Gov. Andrew Cuomo‘s proposed New York sports betting model lacks support from two lawmakers who have pushed for online gambling in the state.
Sen. Joe Addabbo Jr. and Assemblyman Gary Pretlow released their 2021 NY online sports betting bill Thursday evening, though it looks a lot like their previous attempt.
The biggest difference is the bill calls for two skins per licensee instead of one each. There are four commercial casinos and three tribes that run casinos in New York that could offer online sports betting.
That would likely create a much more robust market in terms of handle but tax revenue could fall well short of what Cuomo expects from a lottery-style monopoly.
New York sports betting bill details
- A one-time, $12 million fee is required for anyone operating a mobile sportsbook in the state.
- Mobile sports betting revenue will be taxed at 12%. The state will set aside 5% of that tax revenue for problem gambling.
- Official league data is still required for all in-play bets. The bill also calls for a royalty fee of 0.2% of handle to be paid to sports leagues. Assuming sportsbooks hold about 5% of bets, that means about 4% of sports betting revenue to the leagues.
- Professional sports stadiums and arenas as well as off-track betting facilities can partner with a casino to have betting kiosks on-site.
The bill summary suggests $79 million in annual revenue to the state based on “conservative market estimates.” That might not be good enough for Cuomo, though.
Cuomo expects how much?
Gov. Cuomo has much higher expectations for what the state should make from sports betting.
The US sports betting industry was surprised to wake up Wednesday to find Cuomo had changed his stance on mobile sports betting. The excitement felt throughout the industry quickly turned to jokes, though, when the governor described his plan during the Q&A portion of his coronavirus press conference:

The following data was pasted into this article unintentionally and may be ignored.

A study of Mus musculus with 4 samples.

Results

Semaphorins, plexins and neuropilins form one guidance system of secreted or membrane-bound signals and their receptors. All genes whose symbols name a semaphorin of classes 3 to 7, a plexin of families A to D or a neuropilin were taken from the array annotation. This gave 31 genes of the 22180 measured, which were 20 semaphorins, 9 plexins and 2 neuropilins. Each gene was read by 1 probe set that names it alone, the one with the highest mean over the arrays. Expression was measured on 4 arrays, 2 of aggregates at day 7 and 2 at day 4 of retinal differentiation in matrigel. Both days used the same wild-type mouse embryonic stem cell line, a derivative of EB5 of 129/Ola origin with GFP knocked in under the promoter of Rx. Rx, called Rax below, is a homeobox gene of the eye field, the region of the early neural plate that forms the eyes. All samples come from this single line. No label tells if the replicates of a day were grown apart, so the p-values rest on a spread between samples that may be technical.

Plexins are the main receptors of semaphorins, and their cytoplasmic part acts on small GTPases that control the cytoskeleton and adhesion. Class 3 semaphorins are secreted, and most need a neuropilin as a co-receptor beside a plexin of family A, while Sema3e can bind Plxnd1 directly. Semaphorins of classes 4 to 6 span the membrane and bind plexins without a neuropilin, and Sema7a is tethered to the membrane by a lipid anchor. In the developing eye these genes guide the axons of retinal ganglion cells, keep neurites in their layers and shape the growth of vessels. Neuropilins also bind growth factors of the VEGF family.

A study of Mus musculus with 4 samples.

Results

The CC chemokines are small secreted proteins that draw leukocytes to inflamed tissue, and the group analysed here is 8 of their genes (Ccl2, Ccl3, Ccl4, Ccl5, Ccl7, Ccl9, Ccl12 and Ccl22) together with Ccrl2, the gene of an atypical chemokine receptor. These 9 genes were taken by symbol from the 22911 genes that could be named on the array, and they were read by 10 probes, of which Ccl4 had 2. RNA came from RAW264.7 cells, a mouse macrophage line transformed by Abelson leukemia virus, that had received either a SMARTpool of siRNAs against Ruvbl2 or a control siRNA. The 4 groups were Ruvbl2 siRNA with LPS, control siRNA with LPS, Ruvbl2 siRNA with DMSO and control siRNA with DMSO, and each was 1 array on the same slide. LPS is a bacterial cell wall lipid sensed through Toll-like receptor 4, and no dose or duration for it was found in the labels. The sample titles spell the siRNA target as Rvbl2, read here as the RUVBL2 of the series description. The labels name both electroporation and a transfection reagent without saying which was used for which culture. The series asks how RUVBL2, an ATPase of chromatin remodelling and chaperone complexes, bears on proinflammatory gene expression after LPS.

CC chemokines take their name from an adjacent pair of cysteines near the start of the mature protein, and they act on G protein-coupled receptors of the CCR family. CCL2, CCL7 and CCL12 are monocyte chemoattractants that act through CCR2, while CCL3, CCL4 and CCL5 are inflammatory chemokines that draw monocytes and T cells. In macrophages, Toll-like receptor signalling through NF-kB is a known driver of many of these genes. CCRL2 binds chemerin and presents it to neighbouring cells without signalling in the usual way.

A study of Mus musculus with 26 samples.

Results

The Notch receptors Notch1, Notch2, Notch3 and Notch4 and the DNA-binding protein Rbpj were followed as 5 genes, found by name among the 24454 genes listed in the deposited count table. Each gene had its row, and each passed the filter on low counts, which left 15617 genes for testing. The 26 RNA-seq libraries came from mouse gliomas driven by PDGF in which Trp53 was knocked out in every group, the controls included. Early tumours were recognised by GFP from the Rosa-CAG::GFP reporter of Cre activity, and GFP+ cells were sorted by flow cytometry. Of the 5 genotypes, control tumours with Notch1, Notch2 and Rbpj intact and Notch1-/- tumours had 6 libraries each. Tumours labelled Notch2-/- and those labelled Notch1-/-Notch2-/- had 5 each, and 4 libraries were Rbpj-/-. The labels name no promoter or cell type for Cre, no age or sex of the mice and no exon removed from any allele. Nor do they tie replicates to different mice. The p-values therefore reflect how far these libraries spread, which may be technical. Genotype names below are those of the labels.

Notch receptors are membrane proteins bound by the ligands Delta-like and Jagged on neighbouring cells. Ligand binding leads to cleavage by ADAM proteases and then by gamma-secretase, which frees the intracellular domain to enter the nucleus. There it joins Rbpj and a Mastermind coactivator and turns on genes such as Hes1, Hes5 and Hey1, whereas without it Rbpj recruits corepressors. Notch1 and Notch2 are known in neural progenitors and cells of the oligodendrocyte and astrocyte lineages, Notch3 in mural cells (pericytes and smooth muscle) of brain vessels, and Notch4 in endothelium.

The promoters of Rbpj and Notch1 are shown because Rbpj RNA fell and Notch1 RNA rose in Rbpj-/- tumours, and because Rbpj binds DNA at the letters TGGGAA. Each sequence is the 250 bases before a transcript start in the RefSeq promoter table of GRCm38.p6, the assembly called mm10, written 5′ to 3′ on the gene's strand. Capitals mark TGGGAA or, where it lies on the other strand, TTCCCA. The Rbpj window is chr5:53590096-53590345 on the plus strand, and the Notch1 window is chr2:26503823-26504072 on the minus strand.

“We want to do sports betting the way the state runs the lottery where the state gets the revenues. Many states have done sports betting but they basically allow casinos to run their own gambling operations. That makes a lot of money for casinos but it makes minimal money for the state, and I’m not here to make casinos a lot of money. I’m here to raise funds for the state.”
Budget Director Robert Mujica explained that the standard sports betting model would net New York about $50 million a year in tax revenue. But a single-operator monopoly could bring in $500 million annually, Mujica said. We won’t know any other details of the proposal until Cuomo releases his budget.
Assuming a 50-50 revenue split and a 5% hold, New York’s sports betting market would have to take $20 billion in bets annually to make the state $500 million. That’s not impossible for any of the “crown jewel” states like California, Florida, New York and Texas.
It won’t happen in year one, though, and could take significantly longer to reach those heights under a monopoly.